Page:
The San Francisco 49ers need a ton of talent infusion in coming years, and it’s safe to say the roster is currently about as bad as it gets. But what if we tiered the roster in terms of who to build around, who just holds the line and who simply needs to go?
Oct 2, 2016; Santa Clara, CA, USA; San Francisco 49ers defensive lineman DeForest Buckner (99) warms up prior to the game against the Dallas Cowboys at Levi’s Stadium. Mandatory Credit: Kelvin Kuo-USA TODAY Sports
Tier 1: Cornerstone Players
Sadly, the 49ers only have a handful or so of cornerstone players around which the franchise can build.
Obvious names would include linebacker NaVorro Bowman. He’s the linchpin of the defense, even if he’s out the remainder of the year with an Achilles injury.
We also need to include second-year defensive end Arik Armstead into this mix. Like Bowman, Armstead is out for the rest of the year, but with a shoulder injury. Fellow DE DeForest Buckner also is part of the equation too. One shouldn’t give up on top-10 draft picks after one season.
Staying on defense, we can look to the secondary as one of the few areas of relative strength.
San Francisco has two defensive backs worth building around moving forward — Jimmie Ward and Rashard Robinson. Ward ended up being one of the Niners’ best defenders a year ago, and his 78.4 Pro Football Focus grade this year suggests he is still a viable piece.
Aug 20, 2016; Denver, CO, USA; San Francisco 49ers cornerback Rashard Robinson (33) prior to the game against the Denver Broncos at Sports Authority Field at Mile High. Mandatory Credit: Isaiah J. Downing-USA TODAY Sports
PFF also had nice things to say about Robinson (72.6 grade), even though he’s dinged up with a knee injury right now.
Fellow rookie Joshua Garnett is another player worth building around, although the guard didn’t get a start until midway through the season.
The rest? Well, there’s a reason the 49ers are bad. San Francisco doesn’t exactly have anyone else worthy of being considered a cornerstone player.
Oct 2, 2016; Santa Clara, CA, USA; San Francisco 49ers running back Carlos Hyde (28) celebrates after running in a touchdown during the second quarter vs Dallas.Mandatory Credit: Kelvin Kuo-USA TODAY Sports
Tier 2: Stopgap Options
A good chunk of the Niners’ talent falls into this category, even if many of the players were once considered to be cornerstone pieces.
Chief among these is running back Carlos Hyde.
Hyde should be a figurehead and bell cow for the offense. But a slew of injuries dating back to last year have caused him to miss 11 games out of 24 dating back to 2015. He’s 25 years old too, and one has to wonder if he’ll stick around much longer.
Oct 16, 2016; Orchard Park, NY, USA; San Francisco 49ers wide receiver Jeremy Kerley (17) during the game against the Buffalo Bills at New Era Field. Mandatory Credit: Kevin Hoffman-USA TODAY Sports
Maybe receiving targets like Quinton Patton, Jeremy Kerley, Vance McDonald and Bruce Ellington are OK options until something better comes along. But just maybe.
The same could be said of defensive tackle Quinton Dial. He’s been the best all-around defensive lineman this season, per Pro Football Focus, but he might best be used as a situational player. We could say the same about linebacker Gerald Hodges too.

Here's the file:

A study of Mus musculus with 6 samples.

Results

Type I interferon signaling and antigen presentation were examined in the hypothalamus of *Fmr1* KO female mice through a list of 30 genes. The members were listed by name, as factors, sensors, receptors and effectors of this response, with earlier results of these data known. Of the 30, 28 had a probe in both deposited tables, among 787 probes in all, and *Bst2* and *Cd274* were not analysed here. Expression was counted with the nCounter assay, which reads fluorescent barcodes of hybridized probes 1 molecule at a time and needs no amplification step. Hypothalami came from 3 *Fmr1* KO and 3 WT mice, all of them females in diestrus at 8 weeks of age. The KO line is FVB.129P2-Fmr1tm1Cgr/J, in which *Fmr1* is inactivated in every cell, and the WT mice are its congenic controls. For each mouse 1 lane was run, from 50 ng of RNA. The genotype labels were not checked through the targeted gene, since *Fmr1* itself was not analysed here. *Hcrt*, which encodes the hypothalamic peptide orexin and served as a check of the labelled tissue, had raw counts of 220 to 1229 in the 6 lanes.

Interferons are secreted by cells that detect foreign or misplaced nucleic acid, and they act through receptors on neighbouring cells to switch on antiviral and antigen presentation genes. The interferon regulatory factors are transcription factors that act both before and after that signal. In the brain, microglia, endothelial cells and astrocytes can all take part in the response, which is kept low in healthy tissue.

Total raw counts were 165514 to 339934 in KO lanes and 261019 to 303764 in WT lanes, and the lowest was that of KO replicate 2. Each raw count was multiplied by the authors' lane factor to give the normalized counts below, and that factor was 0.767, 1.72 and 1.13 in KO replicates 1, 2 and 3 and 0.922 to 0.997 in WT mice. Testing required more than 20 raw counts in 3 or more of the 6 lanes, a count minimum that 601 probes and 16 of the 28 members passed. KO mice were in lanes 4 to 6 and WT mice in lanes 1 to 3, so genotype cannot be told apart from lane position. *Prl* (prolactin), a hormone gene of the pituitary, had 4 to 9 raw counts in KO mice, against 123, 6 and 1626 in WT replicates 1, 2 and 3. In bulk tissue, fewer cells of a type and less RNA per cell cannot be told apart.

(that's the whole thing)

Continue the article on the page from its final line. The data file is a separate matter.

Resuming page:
Based on his age alone, we have to throw left tackle Joe Staley into this mix as well. He’s 32 years old, and the time will be soon for which San Francisco will need to find a long-term replacement.
Fellow tackle Trent Brown might be an OK player. But he’s terrible in run support. At least center Daniel Kilgore looks decent enough to move forward. So does guard Andrew Tiller.
Let’s also consider safeties Eric Reid and Jaquiski Tartt, and linebacker Aaron Lynch too. Reid hasn’t looked like the Pro Bowl rookie he was back in 2013. And Lynch, despite the hopeful hype in 2015, hasn’t made the next-level jump. Neither has Tartt.
Oct 2, 2016; Santa Clara, CA, USA; San Francisco 49ers quarterback Blaine Gabbert (2) warms up with quarterback Colin Kaepernick (7) prior to the game against the Dallas Cowboys at Levi’s Stadium. Mandatory Credit: Kelvin Kuo-USA TODAY Sports
Tier 3: Jettison-Worthy Players
No, general manager Trent Baalke isn’t going to get rid of all these guys. But anyone not named yet should at least be viewed as expendable.
This means no to 49ers quarterbacks Blaine Gabbert and Colin Kaepernick. They’re not long-term answers. Neither is the remaining crop of running backs, outside of DuJuan Harris… maybe.
Scrap the rest of the offensive line and its depth, which means Baalke’s big free-agent acquisition, Zane Beadles, is gone and replaced with Andrew Tiller.
Safety Antoine Bethea? Gone. Linebacker Ahmad Brooks? Gone. Both of those guys are nearing the end of relatively hefty contracts, and the 49ers would love the extra cap space.
Scroll through the rest of San Francisco’s roster — even some of the guys on injured reserve. Any of the not-mentioned names strike intrigue? Maybe someone like cornerback Dontae Johnson. But the fact he isn’t seeing much of the field has to raise eyebrows.
Oh, and punter Bradley Pinion hasn’t been an asset either. Just think for a second. The guy Pinion replaced, Andy Lee, is averaging 47.0 yards per punt this season. Pinion’s average is 42.5. And it’s not because of better field position.
OK, so you might argue a player should be considered for Tier 2 instead of Tier 3 or vice versa. And maybe you feel stronger about running back Carlos Hyde if he had a better cast around him.
But the gist of this article is simply to point out how devoid of talent the 49ers truly are.